Elliott Bowles and Jordan Cogan came north for the day after a friend came across information online about the Duluth Air and Aviation Expo.
They were excited to see the Blue Angels perform during the airshow, but they were there to see everything, they said. Bowles, who has his pilot’s license, said it’s fun to be around an airport. He tries to get up in a plane often, but he hasn’t since he moved to Minneapolis last year.
“I think going up in an airplane gives you a really good perspective of the ground below. You can get deep with that, think about life and all that,” he said with a laugh. “It’s a very peaceful way to see the world from a new perspective. It’s fun to do.”
As a Canadian SkyHawks member floated toward the ground with a large Canadian flag waving in the wind to the tune of “O Canada,” two other members were performing acrobatics in the sky that involved floating upside down.
Once on the ground, the Canadian SkyHawks — Canada’s military parachute team of 14 jumpers based in Trenton, Ontario — went into the crowd to roll up their parachutes. A father pointed out the jumpers to his son, and families stopped to take photos with the SkyHawks. A few children helped Sgt. Josh Oakie fold his parachute and then rolled on it to get any remaining air out before the parachute was put back into its container, ready for the SkyHawks’ next jump.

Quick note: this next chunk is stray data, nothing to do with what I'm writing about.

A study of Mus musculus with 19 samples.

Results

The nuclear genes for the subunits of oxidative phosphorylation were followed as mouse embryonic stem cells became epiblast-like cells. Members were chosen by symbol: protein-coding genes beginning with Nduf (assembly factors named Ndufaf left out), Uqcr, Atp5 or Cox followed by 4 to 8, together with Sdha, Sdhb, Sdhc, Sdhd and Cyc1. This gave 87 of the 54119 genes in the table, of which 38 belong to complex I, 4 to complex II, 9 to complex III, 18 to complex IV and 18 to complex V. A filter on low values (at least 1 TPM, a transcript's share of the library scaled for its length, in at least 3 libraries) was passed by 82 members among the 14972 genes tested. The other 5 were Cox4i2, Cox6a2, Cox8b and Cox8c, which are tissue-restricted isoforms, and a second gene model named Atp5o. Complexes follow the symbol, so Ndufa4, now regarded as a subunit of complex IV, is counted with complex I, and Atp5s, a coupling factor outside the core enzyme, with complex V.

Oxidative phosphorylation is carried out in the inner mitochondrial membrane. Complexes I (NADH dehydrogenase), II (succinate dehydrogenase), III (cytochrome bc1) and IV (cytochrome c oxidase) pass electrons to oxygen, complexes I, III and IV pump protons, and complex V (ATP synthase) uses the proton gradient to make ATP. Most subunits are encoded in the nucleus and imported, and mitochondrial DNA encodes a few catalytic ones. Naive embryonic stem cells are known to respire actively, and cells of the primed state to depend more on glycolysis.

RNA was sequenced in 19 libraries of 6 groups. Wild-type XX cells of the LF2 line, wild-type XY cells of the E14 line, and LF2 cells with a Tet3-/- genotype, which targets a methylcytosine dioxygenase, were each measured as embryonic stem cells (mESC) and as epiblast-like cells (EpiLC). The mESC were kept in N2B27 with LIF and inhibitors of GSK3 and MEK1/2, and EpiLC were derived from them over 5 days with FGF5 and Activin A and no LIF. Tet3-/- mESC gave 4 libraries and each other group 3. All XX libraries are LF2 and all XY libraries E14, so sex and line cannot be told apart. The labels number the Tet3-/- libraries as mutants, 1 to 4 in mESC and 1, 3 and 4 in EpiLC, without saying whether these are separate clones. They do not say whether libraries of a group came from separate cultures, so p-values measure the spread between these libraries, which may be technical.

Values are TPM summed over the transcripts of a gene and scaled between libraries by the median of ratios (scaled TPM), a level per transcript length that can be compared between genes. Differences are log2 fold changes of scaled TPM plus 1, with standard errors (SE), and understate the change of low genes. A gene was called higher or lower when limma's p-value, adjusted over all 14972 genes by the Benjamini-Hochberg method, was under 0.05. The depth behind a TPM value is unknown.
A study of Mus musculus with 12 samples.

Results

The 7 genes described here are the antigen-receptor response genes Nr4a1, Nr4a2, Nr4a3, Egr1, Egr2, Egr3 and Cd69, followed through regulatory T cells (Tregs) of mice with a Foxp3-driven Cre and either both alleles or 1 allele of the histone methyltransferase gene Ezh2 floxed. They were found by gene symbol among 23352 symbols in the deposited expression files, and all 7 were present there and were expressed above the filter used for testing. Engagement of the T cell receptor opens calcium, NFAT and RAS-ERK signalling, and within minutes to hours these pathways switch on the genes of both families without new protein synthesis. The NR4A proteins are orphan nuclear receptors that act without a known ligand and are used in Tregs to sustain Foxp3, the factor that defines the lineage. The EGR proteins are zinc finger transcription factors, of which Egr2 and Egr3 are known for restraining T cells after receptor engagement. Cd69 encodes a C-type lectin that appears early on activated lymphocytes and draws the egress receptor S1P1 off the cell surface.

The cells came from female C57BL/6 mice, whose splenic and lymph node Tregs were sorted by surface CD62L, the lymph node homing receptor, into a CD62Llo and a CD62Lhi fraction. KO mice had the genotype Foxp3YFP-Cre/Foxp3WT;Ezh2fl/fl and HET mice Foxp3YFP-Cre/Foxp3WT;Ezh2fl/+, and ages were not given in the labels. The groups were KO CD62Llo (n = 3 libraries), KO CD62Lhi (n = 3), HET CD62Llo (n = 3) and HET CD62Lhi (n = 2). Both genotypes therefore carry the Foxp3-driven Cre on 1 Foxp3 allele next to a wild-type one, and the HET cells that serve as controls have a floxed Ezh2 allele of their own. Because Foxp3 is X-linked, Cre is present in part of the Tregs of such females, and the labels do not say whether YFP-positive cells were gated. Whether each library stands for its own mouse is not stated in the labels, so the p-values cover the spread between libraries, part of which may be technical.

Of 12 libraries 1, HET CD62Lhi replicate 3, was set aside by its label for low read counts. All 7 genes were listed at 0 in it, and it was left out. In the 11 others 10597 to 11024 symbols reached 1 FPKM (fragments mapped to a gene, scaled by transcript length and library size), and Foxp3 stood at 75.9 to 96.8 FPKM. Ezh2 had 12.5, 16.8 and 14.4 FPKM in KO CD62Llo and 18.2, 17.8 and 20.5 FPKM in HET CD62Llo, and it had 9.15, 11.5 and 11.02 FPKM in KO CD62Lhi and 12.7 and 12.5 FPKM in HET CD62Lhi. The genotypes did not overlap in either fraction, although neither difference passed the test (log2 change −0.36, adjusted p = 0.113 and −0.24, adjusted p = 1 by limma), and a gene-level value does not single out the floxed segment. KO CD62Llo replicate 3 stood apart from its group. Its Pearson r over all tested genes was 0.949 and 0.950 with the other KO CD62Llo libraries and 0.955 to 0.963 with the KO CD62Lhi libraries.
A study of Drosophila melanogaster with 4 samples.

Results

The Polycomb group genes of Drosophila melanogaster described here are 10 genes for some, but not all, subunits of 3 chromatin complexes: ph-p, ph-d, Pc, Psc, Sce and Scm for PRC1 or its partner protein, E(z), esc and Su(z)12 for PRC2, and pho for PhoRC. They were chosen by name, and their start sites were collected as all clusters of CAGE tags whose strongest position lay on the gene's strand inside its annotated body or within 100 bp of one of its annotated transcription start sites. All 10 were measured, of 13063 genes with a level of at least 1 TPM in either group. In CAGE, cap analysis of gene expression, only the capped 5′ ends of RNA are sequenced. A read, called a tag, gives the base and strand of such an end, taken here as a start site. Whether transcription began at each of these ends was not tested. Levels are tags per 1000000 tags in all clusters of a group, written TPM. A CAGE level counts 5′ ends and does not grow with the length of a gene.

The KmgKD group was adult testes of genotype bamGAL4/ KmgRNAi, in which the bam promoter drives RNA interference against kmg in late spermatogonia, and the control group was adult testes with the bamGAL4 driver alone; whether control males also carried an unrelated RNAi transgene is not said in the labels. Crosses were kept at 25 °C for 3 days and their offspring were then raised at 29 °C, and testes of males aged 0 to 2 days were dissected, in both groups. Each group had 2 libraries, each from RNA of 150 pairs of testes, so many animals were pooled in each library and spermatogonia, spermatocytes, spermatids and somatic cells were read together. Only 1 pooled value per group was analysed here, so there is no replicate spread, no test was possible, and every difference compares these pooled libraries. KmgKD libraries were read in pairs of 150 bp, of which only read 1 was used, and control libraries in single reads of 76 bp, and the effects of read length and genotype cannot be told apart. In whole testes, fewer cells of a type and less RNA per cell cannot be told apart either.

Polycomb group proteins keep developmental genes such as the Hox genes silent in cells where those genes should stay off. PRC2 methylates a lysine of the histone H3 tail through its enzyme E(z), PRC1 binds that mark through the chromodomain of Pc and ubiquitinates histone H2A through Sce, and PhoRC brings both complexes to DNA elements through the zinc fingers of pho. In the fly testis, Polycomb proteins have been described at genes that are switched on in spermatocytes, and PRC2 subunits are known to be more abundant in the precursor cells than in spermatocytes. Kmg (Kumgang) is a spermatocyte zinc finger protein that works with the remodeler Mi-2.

“Landing and hearing the crowd roar” is the best part of performing at airshows, Oakie said.
“It’s really fun to fly and do the formations, but if we didn’t have the crowd to entertain, it takes a bit away from it if we didn’t have them around,” Oakie said.
Although the SkyHawks have performed at the Duluth airshow before, this is Oakie’s first year with the SkyHawks and coming to Duluth. The team travels around the U.S. for airshows during the summer, giving the team a chance to show off its abilities and support Canada’s partnership with the U.S., Oakie said.
“We take an opportunity to go through the crowd as well and talk to the kids and explain parachuting to them. We’ve spent the last couple days going to a bunch of elementary schools talking to kids as school, as well,” he said.
Moose Lake resident Wally Granquist joked that he’s been watching the airshow for the last two days from his job at Cirrus. He sees the 148th Fighter Wing’s F-16s frequently while at work, and he was curious to see the F-35 at the airshow because he has heard of them, but never seen one.
“It’s the flying, how they go straight up. I like the noise. I like that it shakes you,” he said.
He was attending the airshow with his daughters on Saturday to see the Blue Angels, which he has previously watched at other airshows, he said, adding, “I like airplanes, always have.”
He was a little worried about the weather on Saturday, but forecasted storms ended up being cloudy with only a few raindrops. He explained that he always buys tickets on the day of the event instead of in advance because he waits to see the weather first.
Jack Cervilla and his son had just finished looking inside the U.S. Air Force’s C-17 on Saturday afternoon and Cervilla noted that his son had a lot of smiles so far during the day. They traveled north from Richfield, Minn., to see the Blue Angels. He has watched the Blue Angels before — he grew up in Maryland and went to airshows at Joint Base Andrews.
“It brings me back to my childhood to see them and I want to pass that on to this guy,” he said, pointing to his son. “It’s fun. It’s a nice atmosphere here. We enjoy it.”